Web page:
In his January 22 speech to the Civic Forum, a gathering of representatives from Russian non-governmental organizations and other groups sponsored by the Kremlin-appointed Public Chamber, President Vladimir Putin’s likely successor declared that the fight against corruption must become a “national program.” First Deputy Prime Minister Dmitry Medvedev also called Russia a country of “legal nihilism” that manifests itself in the form of “crime,” including “corruption in the power bodies,” which, he said, exists on a “huge scale” in Russia today. No European country can boast of such “disdain for the law,” Medvedev said. The heir apparent returned to this theme in his January 29 speech to a convention of the Association of Russian Lawyers, where he is chairman of the board of trustees, calling on fellow lawyers to take a more prominent role in society and to battle “legal nihilism” (Moscow Times, January 30).
Fighting corruption is, without doubt, the hardy perennial of Russian politics. Back in 1994, then-president Boris Yeltsin declared in his annual state-of-the-nation address that the mafia had Russia “by the throat” and that the population was at the mercy of an army of corrupt bureaucrats. He returned to the theme again in his 1997 state-of-the-nation address, stating that the public had lost faith in the government’s ability to halt “the onslaught of crime” and blaming state bureaucrats “who think only about their own well-being” for this sorry state of affairs. Yet despite the appointment of yet another team of putative “reformers” to deal with the problem, Yeltsin ended his presidency in 1999 mired in accusations of corruption within his own inner circle.
Vladimir Putin began his presidency promising to end the disorder of the Yeltsin era and to establish a “dictatorship of law.” He then proceeded to jail a leading tycoon, whose only real difference from the country’s other tycoons was that the media outlets he owned were openly critical of the Kremlin. While Putin continued to move against the oligarchs selectively – and, on the pretext of imposing order, moved to centralize power and curtail Russia’s already-stunted and illiberal democracy – little seemed to change in terms of overall corruption in Russia.
Indeed, according to one indicator – Transparency International’s annual Corruption Perceptions Index (CPI), which measures perceived corruption around the world based on polls and surveys – corruption in Russia remained rather stable between 1998 and 2007, reaching a “high” of 2.1 out of 10 in 2000 and a “low” of 2.8 in 2004 (on a scale in which a score of 10 means no corruption and a score of 0 means total corruption). For 2007, the Berlin-based corruption watchdog gave Russia a score of 2.3 (compared with 2.4 in each of the final two years of the Yeltsin era, 1998 and 1999) and put it in 143rd place out of 179 countries – a spot shared with Gambia, Indonesia, and Togo, just ahead of (that is, slightly more corrupt than) Syria and right behind (slightly less corrupt than) Angola.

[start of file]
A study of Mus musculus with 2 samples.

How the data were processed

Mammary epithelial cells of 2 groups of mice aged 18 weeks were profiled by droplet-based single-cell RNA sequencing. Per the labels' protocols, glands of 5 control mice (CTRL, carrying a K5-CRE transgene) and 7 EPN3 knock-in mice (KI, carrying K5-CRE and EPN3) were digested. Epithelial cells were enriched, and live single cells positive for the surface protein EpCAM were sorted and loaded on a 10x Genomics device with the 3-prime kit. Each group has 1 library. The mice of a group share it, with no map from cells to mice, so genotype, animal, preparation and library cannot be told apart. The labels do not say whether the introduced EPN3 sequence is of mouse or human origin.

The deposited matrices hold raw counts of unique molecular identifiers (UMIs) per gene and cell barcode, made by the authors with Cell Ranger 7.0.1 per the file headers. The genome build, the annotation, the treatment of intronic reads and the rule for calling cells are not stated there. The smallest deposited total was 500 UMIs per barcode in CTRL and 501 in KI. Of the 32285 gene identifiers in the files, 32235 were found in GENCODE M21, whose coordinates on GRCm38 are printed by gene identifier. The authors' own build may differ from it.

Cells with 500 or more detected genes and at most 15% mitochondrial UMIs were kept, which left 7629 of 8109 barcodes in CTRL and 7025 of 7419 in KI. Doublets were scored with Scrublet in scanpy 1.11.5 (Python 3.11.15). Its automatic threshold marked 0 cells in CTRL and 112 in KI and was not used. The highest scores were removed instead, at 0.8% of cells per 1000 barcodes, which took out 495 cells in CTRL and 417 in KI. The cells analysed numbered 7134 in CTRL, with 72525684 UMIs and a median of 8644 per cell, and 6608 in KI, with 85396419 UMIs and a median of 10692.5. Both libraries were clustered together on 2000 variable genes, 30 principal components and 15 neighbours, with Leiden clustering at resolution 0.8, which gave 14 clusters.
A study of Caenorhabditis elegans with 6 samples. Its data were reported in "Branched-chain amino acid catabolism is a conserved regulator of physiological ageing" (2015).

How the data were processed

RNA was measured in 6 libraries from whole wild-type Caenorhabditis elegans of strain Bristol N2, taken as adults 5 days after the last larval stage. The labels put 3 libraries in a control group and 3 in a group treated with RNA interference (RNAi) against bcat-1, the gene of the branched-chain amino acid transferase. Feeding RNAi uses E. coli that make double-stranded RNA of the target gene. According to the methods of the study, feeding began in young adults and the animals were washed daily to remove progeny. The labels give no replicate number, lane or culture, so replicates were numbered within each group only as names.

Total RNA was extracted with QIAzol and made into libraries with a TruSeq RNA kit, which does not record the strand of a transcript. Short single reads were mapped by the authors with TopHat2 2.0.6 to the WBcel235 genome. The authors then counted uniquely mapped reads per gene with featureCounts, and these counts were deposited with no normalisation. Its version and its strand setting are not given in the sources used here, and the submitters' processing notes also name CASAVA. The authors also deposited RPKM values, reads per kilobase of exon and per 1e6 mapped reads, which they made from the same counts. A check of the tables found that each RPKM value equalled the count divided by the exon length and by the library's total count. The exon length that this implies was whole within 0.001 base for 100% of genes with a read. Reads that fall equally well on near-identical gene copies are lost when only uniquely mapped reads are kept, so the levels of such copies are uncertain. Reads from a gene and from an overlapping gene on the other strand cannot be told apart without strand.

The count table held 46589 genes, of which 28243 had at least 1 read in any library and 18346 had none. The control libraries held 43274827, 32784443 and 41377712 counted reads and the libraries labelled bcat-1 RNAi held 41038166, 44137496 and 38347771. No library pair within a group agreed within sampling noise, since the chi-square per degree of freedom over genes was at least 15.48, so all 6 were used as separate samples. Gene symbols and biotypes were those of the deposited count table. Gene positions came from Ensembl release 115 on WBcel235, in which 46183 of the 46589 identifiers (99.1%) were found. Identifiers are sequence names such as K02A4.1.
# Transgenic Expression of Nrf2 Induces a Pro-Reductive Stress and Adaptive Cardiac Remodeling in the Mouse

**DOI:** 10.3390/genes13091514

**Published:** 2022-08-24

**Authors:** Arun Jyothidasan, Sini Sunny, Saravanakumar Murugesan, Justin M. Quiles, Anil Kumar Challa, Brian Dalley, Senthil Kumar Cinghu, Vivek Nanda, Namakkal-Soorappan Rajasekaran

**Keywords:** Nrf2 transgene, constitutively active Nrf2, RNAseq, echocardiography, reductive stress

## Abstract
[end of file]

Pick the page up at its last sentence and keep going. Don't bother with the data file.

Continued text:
The CPI would seem to bear out Medvedev’s observation that corruption in Russia’s “power bodies” exists on a “huge scale” – all of which, it might be added, constitutes a damning indictment of the efficacy of Putin’s “dictatorship of the law.” Yet according to at least one observer, the situation is even worse that Transparency International’s CPI would indicate.
Georgy Satarov, the former Yeltsin aide who heads the INDEM Foundation, which has extensively studied the issue of corruption, wrote on the Ezhednevny Zhurnal website earlier this week: “The growth in business corruption recorded by our diagnostic sociological research of corruption in 2001 and 2005 can be called catastrophic. Judge for yourself. The growth of the average size of a bribe during the period can be characterized as follows, taking into consideration inflation, GDP growth, the turnover of firms, and other economic dynamics. In 2001, an average-sized bribe could buy 30 square meters of habitation according to the average Russian prices on the primary [real estate] market (a piece of a single-room apartment). In 2005, an average sized bribe could buy 209 square meters – [a few] apartments. Is it any surprise that youth now want to be officials, and not businessmen?” (Ej.ru, January 28).
According to Satarov, INDEM’s research found that the size of the bribe required to be named a government minister during the Putin period was 150 times higher than during the Yeltsin period and that while standard size of a kickback in 2000 was 10-15% of the value of the government contract, order, purchase, etc., it reached 30-50 % by 2005 and today is in the range of 50-70%. Satarov also cited the magazine Ekspert as reporting in 2005 that approximately 80% of the federal funds allocated for military R&D projects was stolen and quoted former Economic Development and Trade Minister German Gref as saying that after he sharply reduced the number of types of activities requiring licensing, the size of bribes in those areas that still required licenses grew ten-fold (Ej.ru, January 28).
Thus while it is possible that Medvedev’s declared battle against “legal nihilism” might succeed where Yeltsin’s pledges to fight corruption and Putin’s “dictatorship of the law” failed, it may be time to recall the phrase made famous by former prime minister Viktor Chernomyrdin: Khotelos kak luchshe, a poluchilos kak vsegda – “We wanted better, but it turned out as always.”